Witnessing the sheer power and beauty of sharks first hand is a truly breathtaking experience which is hard to match. The adrenaline and excitement that comes with landing a big shark attracts thousands of anglers to Maine each year, all in search of that trophy catch. Whether you are looking to land your first blue, or have your eye on something bigger, the waters off the coast of Maine have a lot to offer.
There are a number of shark species present in Maine, with the most popular undoubtedly the blue shark. With their distinctive dark blue top, light blue sides and white underbelly, the blue shark is found in relative abundance off the coast of Maine. The majority of this species are around 6 to 8 feet in length, weighing in at anywhere between 50 and 200 pounds. Larger blue sharks are found occasionally, with some growing up to 12 feet in length and hitting the 400 pound mark.
Porbeagle sharks are less common, and can be recognized by their dark blue-grey top and white underbelly. They also have two caudal keels on their crescent-shaped tail fin, distinguishing them from mako and white sharks. Porbeagle sharks are known as strong swimmers, making them more of a challenge than the smaller blue shark. Many of these species reach 10 feet in length and weigh in at an impressive 450 pounds.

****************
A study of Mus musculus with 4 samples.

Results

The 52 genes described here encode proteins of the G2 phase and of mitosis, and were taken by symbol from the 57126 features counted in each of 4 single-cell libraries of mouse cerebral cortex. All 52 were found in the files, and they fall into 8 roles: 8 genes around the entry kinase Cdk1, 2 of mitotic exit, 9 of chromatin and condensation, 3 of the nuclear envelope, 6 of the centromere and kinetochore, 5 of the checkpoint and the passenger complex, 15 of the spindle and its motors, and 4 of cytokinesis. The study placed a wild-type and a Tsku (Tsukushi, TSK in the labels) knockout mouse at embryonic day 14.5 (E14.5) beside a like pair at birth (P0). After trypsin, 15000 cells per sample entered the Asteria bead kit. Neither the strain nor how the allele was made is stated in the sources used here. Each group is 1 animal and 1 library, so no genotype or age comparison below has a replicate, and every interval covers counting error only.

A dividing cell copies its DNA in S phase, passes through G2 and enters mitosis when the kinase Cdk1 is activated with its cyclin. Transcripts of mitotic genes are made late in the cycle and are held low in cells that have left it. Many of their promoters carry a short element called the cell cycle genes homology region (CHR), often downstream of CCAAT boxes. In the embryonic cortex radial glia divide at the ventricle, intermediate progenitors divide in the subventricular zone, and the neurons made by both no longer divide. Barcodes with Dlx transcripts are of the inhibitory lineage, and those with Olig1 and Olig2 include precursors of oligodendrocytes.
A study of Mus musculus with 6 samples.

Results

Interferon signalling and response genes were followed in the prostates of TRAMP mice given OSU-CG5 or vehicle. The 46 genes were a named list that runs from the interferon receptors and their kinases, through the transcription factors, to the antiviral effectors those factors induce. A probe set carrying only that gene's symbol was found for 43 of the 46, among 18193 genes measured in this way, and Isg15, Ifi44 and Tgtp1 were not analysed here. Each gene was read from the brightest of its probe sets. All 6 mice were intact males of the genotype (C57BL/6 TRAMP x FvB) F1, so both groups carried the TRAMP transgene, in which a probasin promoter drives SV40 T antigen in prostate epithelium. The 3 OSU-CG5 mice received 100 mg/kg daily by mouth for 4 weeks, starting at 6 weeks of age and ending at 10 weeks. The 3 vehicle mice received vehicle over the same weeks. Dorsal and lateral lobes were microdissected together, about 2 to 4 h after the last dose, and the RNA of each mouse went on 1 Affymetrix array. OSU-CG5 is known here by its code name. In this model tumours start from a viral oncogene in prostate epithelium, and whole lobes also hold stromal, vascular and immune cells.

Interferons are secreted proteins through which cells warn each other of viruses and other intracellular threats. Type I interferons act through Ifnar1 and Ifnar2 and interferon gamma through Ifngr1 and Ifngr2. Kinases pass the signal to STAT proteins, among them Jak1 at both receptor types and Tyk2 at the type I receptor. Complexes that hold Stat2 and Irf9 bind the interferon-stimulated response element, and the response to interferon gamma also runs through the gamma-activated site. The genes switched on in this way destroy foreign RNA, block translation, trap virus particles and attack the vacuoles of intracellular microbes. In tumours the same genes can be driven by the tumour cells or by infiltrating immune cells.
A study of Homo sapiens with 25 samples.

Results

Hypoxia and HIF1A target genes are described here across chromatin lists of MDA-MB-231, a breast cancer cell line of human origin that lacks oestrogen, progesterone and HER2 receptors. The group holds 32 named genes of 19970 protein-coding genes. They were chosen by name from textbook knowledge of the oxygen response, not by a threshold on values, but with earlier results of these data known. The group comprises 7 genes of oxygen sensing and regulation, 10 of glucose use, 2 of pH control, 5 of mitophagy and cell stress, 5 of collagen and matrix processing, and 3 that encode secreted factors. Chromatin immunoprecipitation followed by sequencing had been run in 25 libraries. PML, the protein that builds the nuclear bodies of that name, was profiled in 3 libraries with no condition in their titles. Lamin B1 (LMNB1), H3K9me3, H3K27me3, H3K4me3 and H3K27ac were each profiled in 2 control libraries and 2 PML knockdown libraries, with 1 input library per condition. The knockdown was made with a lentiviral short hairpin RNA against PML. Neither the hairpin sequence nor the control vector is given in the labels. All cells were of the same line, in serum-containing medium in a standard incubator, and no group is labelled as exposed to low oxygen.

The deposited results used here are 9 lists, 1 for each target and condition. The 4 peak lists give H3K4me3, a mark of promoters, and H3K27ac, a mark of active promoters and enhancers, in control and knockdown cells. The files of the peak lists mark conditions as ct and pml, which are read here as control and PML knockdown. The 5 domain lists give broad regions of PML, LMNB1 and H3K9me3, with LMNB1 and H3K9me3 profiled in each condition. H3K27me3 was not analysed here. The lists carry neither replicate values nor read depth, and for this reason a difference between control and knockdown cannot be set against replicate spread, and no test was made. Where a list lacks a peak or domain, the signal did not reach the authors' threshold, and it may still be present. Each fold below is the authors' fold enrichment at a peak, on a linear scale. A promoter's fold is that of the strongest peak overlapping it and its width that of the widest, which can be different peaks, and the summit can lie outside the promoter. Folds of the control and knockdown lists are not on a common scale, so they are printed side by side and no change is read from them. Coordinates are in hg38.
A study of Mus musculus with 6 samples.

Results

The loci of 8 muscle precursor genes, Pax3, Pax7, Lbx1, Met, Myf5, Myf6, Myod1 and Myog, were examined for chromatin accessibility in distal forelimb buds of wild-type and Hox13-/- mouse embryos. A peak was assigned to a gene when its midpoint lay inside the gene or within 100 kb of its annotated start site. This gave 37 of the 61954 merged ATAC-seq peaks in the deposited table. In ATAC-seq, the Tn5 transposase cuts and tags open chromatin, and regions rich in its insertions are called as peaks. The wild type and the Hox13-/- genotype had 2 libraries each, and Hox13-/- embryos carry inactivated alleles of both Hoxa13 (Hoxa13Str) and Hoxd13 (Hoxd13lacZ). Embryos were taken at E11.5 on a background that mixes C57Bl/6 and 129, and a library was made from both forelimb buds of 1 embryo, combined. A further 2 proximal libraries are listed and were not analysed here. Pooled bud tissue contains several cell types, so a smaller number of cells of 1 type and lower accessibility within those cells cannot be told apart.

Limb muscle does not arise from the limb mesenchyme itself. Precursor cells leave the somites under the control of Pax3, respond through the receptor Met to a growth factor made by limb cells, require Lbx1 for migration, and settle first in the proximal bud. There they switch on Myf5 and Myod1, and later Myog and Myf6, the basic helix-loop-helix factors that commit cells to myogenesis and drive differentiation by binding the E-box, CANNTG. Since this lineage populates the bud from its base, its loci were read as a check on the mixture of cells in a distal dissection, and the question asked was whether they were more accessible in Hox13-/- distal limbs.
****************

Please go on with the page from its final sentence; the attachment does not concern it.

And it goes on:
Another of Maine’s highly prized shark species is the mako. With a distinctive cobalt-blue top, white underbelly and streamlined body, the mako shark is known as a strong swimmer with a ferocious fighting ability. They are also one of the largest species found off the coast of Maine, with many shortfin makos reaching 12 feet in length and tipping the scales at over a thousand pounds. Threshers are also found off the coast of Maine, and are again considered an excellent catch with many weighing in at over 350 pounds.
The most popular time for shark fishing in Maine is between July and October, though many guides and seasoned veterans consider August to October as being the best period for big sharks. In terms of equipment, harnessed rods with 30 reels are favored by many experienced shark anglers. Occasionally a 50 reel may be necessary should a large porbeagle or mako bite.
Chumming is the preferred method for attracting sharks, with popular mixtures including ground up mackerel, herring, menhaden and other small baitfish. Creating a chum slick behind your boat using a perforated bucket or similar contraption is the most common method and is known to work well. Some boats also have a bait box with a tap open to the water behind the boat from which chum can be dispensed. Though it may take up to an hour or two for sharks to locate your trail, once they find the scent they more often than not follow it all the way to the source.
Shark fishing is possible in many regions off the coast of Maine, though many organized trips focus on areas around 10-15 miles offshore in the Gulf of Maine. Here there is a relative abundance of blue shark, with the occasional mako, porbeagle or thresher to make things more challenging for the adventurous or experienced shark angler.